General News Research — 12 December 2013

Substance use disorders (SUDs) are increasing among medical residents, with the risk for relapse “very high,” new research suggests.

A retrospective cohort study of more than 44,000 anesthesiology residents who began training programs between 1975 and 2009 showed that 384 (0.86%) had a confirmed SUD during their training. Of these, 43% experienced at least 1 relapse after detection and treatment.

In addition, 28 of the study participants died during training, with all of the deaths directly related to an SUD.bigstockphoto_Stethoscope_130135

“In terms of an absolute number, it’s not a great number of residents affected. But looking at the about 6000 anesthesiology residents that are in training each year, that’s about 20 people a year who develop this problem and 1 or 2 who die from this problem,” lead author David O. Warner, MD, professor of anesthesiology at Mayo Clinic in Rochester, Minnesota, told Medscape Medical News.

Dr. Warner added that the incidence rate also increased significantly during the study period.

Intravenous opioids were the most used substance in the study, but marijuana use, excessive alcohol use, and prescription opioid use were also high.

The study was published in the December 4 issue of JAMA.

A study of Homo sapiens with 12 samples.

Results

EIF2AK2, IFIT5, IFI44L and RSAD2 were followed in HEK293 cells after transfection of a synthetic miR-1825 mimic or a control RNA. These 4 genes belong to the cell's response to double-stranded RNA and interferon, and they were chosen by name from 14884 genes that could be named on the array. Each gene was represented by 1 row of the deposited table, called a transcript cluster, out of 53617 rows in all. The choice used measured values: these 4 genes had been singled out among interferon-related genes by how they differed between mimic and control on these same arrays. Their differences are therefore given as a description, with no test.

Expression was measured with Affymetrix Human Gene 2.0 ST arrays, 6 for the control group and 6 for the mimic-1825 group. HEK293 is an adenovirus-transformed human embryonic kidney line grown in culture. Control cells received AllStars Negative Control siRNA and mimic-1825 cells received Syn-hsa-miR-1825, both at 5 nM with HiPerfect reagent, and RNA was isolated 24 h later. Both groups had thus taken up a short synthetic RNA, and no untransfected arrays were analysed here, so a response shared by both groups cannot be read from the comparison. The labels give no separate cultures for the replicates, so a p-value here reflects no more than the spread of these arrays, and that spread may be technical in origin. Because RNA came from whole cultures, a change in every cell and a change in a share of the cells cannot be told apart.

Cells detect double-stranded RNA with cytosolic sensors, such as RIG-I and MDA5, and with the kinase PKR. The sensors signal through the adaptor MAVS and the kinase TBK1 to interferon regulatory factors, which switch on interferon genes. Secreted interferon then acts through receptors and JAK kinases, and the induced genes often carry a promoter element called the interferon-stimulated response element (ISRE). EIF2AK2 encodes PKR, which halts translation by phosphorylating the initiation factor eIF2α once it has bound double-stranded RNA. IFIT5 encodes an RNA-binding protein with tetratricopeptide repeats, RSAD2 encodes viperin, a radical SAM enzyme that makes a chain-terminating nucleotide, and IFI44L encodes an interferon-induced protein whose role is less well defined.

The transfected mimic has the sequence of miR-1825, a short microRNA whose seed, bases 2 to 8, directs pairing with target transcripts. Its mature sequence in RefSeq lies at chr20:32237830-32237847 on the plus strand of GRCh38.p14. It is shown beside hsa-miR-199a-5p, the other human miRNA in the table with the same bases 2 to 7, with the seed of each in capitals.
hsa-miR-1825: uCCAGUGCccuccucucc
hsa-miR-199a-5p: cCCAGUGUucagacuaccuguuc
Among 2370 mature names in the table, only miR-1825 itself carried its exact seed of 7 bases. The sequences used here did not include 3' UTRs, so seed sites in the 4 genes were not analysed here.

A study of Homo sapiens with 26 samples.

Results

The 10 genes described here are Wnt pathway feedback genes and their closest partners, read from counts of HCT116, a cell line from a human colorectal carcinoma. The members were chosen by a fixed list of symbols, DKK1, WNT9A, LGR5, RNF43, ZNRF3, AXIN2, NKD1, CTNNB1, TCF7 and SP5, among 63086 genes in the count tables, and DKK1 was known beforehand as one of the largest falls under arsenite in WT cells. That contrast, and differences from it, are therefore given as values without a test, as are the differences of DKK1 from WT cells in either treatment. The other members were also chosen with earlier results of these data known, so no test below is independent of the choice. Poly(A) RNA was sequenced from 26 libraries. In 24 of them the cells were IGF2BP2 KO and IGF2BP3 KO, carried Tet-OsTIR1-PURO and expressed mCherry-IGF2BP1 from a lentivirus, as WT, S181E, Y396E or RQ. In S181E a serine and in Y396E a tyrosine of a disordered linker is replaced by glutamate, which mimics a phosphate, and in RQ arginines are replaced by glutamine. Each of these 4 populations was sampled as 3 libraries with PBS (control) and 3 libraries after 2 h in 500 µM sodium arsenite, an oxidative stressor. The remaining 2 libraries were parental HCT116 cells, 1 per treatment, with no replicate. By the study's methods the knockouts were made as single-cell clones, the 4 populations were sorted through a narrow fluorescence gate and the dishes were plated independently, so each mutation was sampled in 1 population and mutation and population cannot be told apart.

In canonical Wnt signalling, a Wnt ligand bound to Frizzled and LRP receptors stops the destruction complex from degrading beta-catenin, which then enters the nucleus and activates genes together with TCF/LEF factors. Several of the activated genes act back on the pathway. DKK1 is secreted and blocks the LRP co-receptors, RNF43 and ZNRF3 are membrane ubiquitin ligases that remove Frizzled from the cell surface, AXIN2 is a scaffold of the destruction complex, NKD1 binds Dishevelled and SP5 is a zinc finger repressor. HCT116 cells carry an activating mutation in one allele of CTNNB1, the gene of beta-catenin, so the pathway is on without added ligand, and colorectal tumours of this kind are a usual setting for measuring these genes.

Wake-up Call for Other Specialties?

“We don’t know what drugs other specialties might abuse or whether the problem is more serious in anesthesiology than elsewhere. But I think it would be good for other specialities’ societies to analyze and report these data to see if our findings are generalizable among other physicians,” said Dr. Warner.

According to investigators, data regarding the epidemiology of SUDs in physicians in general, and anesthesiologists in particular, are limited.

Still, because of their easy access to substances such as intravenous opioids, anesthesiologists have drawn particular attention, the investigators note.

“The specialty has been aware of this particular problem for some time, and the professional societies have developed some outreach materials to try and educate the residents in training about the potential and seriousness of this issue,” said Dr. Warner.

“But we haven’t known the magnitude of the problem and what the outcomes for people who develop these problems might be.”

As reported by Medscape Medical News, a recent study showed that a group of addicted physicians, including anesthesiologists, cited self-medication to help manage physical pain and emotional problems as the top reason for their abuse of prescription drugs.

Pain, Stress Factors?

“We don’t really know among anesthesiology folks why they do this,” said Dr. Warner.

“Addiction is a disease characterized by denial and evasion. So I think what the real reasons might be is a very interesting question. Certainly self-medicating for pain or for stress is quite plausible,” he added.

For the current study, the investigators examined data from the American Board of Anesthesiology (ABA) on 44,612 physicians (84% men) who began anesthesiology residency programs between July 1975 and July 2009.

Possible SUD was flagged in the ABA data through Clinical Competence Reports, examination applications, direct communications with the residents, and the Disciplinary Action Notification Service. Follow-up was conducted periodically until the end of residency training. Follow-up to assess relapse was conducted through December 2010.

This article first appeared on ‘MedScape‘ on 11 December 2013.